A truck shop that targeted and misled vulnerable consumers has been issued a $330,000 fine and ordered to pay $10,800 in damages to its victims.
Of the 13 traders prosecuted so far, Mobile Shop’s contract was the least compliant, Commissioner Anna Rawlings said.
“All of Mobile Shop’s contracts lacked basic information such as the number of payments and an accurate statement about cancellation rights,” Ms Rawlings said.
“Most sample contracts viewed by the commission also failed to state the payment amount and when the first payment was due.
“The wording was confusing and error-ridden and the contracts were in small font, making them difficult to read.”
Mobile Shop’s offending covered more than 5000 consumer contracts signed between October 2015 and September 2016. The contracts had an estimated total value of $1 million.
We’ve been calling for enforcement action against mobile traders breaching consumer laws and for door-to-door sales rules to be strengthened to give consumers better protection against these traders.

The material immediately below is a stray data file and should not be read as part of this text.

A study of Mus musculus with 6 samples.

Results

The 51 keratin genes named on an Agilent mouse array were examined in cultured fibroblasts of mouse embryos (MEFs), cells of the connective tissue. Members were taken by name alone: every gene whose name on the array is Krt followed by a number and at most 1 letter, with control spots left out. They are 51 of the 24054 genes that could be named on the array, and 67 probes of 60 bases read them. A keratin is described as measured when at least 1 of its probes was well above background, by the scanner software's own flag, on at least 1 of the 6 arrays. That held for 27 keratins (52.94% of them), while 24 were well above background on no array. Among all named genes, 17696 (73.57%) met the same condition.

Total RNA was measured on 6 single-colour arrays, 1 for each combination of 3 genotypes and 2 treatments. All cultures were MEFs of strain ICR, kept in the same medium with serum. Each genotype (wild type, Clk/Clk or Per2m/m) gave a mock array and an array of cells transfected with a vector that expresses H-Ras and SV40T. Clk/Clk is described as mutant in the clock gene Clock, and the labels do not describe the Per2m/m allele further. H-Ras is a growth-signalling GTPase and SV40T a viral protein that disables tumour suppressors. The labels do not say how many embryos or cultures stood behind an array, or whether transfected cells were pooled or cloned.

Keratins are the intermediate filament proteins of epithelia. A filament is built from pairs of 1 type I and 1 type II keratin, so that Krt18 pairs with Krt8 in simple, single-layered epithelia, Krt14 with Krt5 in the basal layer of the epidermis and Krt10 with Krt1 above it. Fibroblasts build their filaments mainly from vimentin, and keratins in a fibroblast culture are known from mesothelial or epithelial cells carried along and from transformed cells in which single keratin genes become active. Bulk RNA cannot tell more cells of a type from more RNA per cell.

One mobile trader contract we looked at in our 2015 investigation charged $34.99 for milk powder, $39.95 for cereal and $49.95 for a rubbish bag pack.
The commission’s 2015 report on the industry identified widespread non-compliance with consumer laws.
Ms Rawlings said while the Mobile Shop prosecution was the last from that project, it was not the end of the enforcement work.
“We have a number of investigations open and we will continue to take appropriate enforcement action against traders which fail to meet their legal obligations to their customers,” she said.
“Our focus is on improving trader compliance with consumer laws and it’s our observation that compliance is improving. Traders are coming back to us with new contracts and they are generally better.”
Eighteen of the 32 businesses listed in the commission report have since stopped trading or left the market.
Fines of nearly $1.6 million have been handed down to mobile traders so far, and one mobile trader received a two-year prison sentence.